Saturday, January 31, 2009

Church: The Next Generation

Why do church services not appeal to teenagers? Does it depend on which church? Is the church making God look bad?


  1. If my ideas about socialization are correct, they suggest that competition for the attention of young people from other sources of information about how the world should be is crowding out the lessons from parents and religious leaders.

    It doesn't help that religious socialization is an inherently limiting message--largely an argument for delayed gratification that places emphasis on constraining behavior today as a way to avoid eternal punishment.

    This was more effective before humans began to find scientific explanations for nature and reduced the scope of possible intervention by God. Growing interconnectedness and diversity also limits the effects of religious socialization, since it exposes people to other cultures and social environments. This may not induce us to adopt other cultural and religious norms, but it makes them seem less threatening--less "other."

    Remember that for young people, especially very young people, religion has as much to do with fear as with love. Our youth are exposed to new ideas much earlier now, and they both fear offending God less, and find love elsewhere more.

  2. What about the return that is "now"? No matter what world view one espouses, there is, for example a social advantages. For most, it introduces them to a new group of people with, as you say, a shared view or system. They would share some beliefs, geography, etc. which isn't a bad start to gaining a social advantage.

    I don't know any active youth who view participating in this system as giving up something now to gain something later, maybe because they don't think that far ahead.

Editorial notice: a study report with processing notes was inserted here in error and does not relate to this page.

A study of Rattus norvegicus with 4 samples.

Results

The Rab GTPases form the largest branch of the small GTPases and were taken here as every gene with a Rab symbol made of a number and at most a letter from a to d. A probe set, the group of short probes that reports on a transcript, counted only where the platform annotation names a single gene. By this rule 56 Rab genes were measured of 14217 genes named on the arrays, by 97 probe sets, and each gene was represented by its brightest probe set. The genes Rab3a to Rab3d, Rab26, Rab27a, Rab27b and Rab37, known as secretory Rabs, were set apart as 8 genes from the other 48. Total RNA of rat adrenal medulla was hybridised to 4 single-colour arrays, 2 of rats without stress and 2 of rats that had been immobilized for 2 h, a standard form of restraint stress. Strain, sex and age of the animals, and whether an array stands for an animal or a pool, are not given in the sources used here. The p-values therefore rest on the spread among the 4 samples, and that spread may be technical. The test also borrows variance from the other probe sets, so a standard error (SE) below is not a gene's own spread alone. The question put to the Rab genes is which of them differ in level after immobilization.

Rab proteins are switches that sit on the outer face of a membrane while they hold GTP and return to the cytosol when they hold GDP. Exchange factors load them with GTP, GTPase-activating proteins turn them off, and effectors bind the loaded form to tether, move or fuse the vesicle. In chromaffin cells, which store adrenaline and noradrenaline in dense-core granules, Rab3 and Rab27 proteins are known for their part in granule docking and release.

The church today asserts that THIS life is superior, because of the peace that comes from having some of the big issues settled. God would change our desires to His desires.

  3. Is this a serious question? If you have raised a teenager the answer is obvious. Teenagers are totally hormonal, self-centered creatures who believe the world revolves around what they want. They don't like anything they think is "boring." This includes church, school or any other activity that doesn't satisfy them emotionally. Chruch is just one item on a long list of things that are "boring".

    My experience raising 4 of these creatures is that their brain disengages from their body at the age of 12 or 13 and doee not reconnect until they get to be about 25.

  4. I guess that's what I get for requesting honesty and "actual" truth vs. philosophical truth.

    I have known teenagers that were very committed and glad to be.

    I do not have any teenagers of my own who meet this qualification.

  5. I raised a girl myself, and she often showed a disregard for rationality during her teens.

    But something must explain why many kids--as Richard correctly points out--behave with great maturity when it comes to planning, committing to service, and managing their lives in thoughtful ways.

    I think socialization has something to do with this. If parents and other adults develop close relationships with kids, they can strongly influence their attitudes, values, and behavior. The key is to do more than simply tell them the rules and than demand obedience. Kids need security and boundaries, but they must also be taught to evaluate what happens around them and make decisions.

    This is how you get the committed kids Richard talks about: communicate with them, and let them decide. If they have input and good role models, they will generally make good decisions

  6. I don't believe their frontal lobe(?) is fully developed yet and this inhibits their ability to make complex decisions that involve options that have both good and bad attached to them ...

    Or this is my rationalization.

  7. I visited a church of an old friend in AR. His church has a youth choir with 100 teens who appear to be thrilled to be there.

    What are they doing that is so different?